DUBLIN (AP) — College football already has Aussie punters. Tadhg Leader hopes Irish kickers are next.
The former rugby player from Galway saw enough potential that he quit his job at JP Morgan Chase to focus full-time on finding and developing Irish “leg talent” for American football.
Leader, whose first name is pronounced “TIE-guh,” launched his program a year ago and some early returns are promising. He brought two Irishmen on a summer tour of kicking camps in the United States, and both came away with scholarships to Championship Subdivision schools.
Then there’s prized pupil Andy Quinn, who dropped rugby to enter Leader’s kicking competition and ended up winning it in a finale held at halftime of the Nebraska-Northwestern game at Aviva Stadium in Dublin a year ago.
The NFL Academy in Britain took note and signed the 18-year-old Quinn on scholarship as a kicker and punter. He repeated as Ireland’s “kicking king” last Friday by belting a 57-yard field goal at Donnybrook Stadium in Dublin.
“It’s part of our DNA,” Leader said. “It’s part of our heritage where we kick a Gaelic football, we kick a rugby ball, we kick a soccer ball. We’ve just accumulated so many hours of foot skills. It translates perfectly to American football, just there was never a program or platform to connect the dots.”
Leader, inspired to build a talent pipeline after experiencing his own ups and downs as a kicker, said his “very realistic” goal is to send 100 Irishmen on scholarships to U.S. schools over the next decade.
None of them have any experience with American football, but the talent is there.
“For every 10 new guys who turn up, two of them are banging from 55, 57 yards high, clean field goals — just day one stuff,” Leader said.
Challenges include explaining American college athletics and persuading players to put other sports aside, but the interest is there with more than 400 applicants for Leader’s program.
The 31-year-old Galway native started Leader Kicking after his rugby and kicking career ended a year ago. After playing for the San Diego Legion in Major League Rugby and briefly for the U.S. national team — thanks to his residency at the time — he gave American football a shot. Stints in Europe and Canada ended when he was cut by the CFL’s Hamilton Tiger-Cats in 2022.
Along the way, coaches told him they wished he had some U.S. college experience.
Leader has enlisted some high-profile sponsors including Delta Air Lines and partners like the Pittsburgh Steelers. The NFL team, which is trying to grow its fan base in Ireland, donated a pair of tickets to a home game to the winner — Quinn — of the kicking contest.
Delta flew Leader, Ross Bolger and Ronan Patterson to the United States this summer for college camp visits.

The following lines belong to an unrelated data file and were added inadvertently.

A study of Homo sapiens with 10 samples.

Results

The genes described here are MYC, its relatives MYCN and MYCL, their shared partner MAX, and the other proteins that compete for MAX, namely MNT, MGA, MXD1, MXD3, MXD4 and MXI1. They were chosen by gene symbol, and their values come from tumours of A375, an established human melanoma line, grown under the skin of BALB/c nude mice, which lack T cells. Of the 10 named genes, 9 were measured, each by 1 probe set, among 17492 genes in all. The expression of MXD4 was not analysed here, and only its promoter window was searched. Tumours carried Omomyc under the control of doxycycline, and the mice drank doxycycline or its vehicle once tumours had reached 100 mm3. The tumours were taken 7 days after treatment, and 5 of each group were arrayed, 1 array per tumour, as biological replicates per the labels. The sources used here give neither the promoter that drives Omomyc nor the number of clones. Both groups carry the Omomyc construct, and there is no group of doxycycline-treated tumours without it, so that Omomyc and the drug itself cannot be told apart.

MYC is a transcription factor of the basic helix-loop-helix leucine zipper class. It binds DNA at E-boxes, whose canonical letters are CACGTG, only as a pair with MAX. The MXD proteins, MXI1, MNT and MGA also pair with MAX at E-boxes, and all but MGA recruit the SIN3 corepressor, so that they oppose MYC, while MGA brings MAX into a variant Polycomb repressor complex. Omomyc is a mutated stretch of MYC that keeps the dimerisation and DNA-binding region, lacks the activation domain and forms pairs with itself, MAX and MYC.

The 22-year-old Bolger, who had played Gaelic football since age 5, won field goal competitions at UConn and Boston College camps. He also punts — with both feet. It’s helped open doors.
“We’re getting questions from coaches like ‘who else you got?’ and ‘who’s next?’ They’re coming to us,” Leader said.
High school student Noah Byrne might one of those next ones; he made an impression at the BC camp just 24 hours after starring for his Gaelic football team in Dublin.
Boston College was interested in Bolger as a kicker, as was Vanderbilt, which observed him in a workout via Zoom. Idaho State, however, showed the most interest and wanted Bolger as both kicker and punter. He has two years of eligibility.
Bolger has already made an impression out in Idaho. The team plays in the domed Holt Arena, where the ceiling curves downward above the uprights.
“He’s hit the ceiling at a couple of spots at the low part of the dome here trying to kick field goals,” Idaho State special teams coordinator Jesse Thompson said in a phone interview. “As a staff we were like, ‘what’s the ruling on that?’ I’ve never seen that before.”
“One of the things that drew me to Ross was his lift on his PAT and field goals,” Thompson added. “The ball just pops off of his foot.”
The 23-year-old Patterson has one year of eligibility and will play at FCS program Monmouth in New Jersey.
A handful of Irishmen have excelled as American football kickers and punters, but they typically left Ireland at a young age. Dublin-born Ben Kiernan, who moved to the United States when he was 15, punts for North Carolina. David Shanahan punts for Georgia Tech after he switched from Gaelic football and trained at Prokick Australia. Neil O’Donoghue kicked for Auburn and played nine NFL seasons in the 1970s and ‘80s.
Quinn hopes to land a scholarship after the NFL Academy.
“The experience of kicking in the Aviva I’ll never forget it, I got flights over to Chicago and tickets to a Northwestern game — the first-ever football game I’ve watched live, it’s an incredible environment college football — and then obviously a scholarship to the NFL academy,” he said. “I’ve gained so much already from kicking an American football, it’s unbelievable.”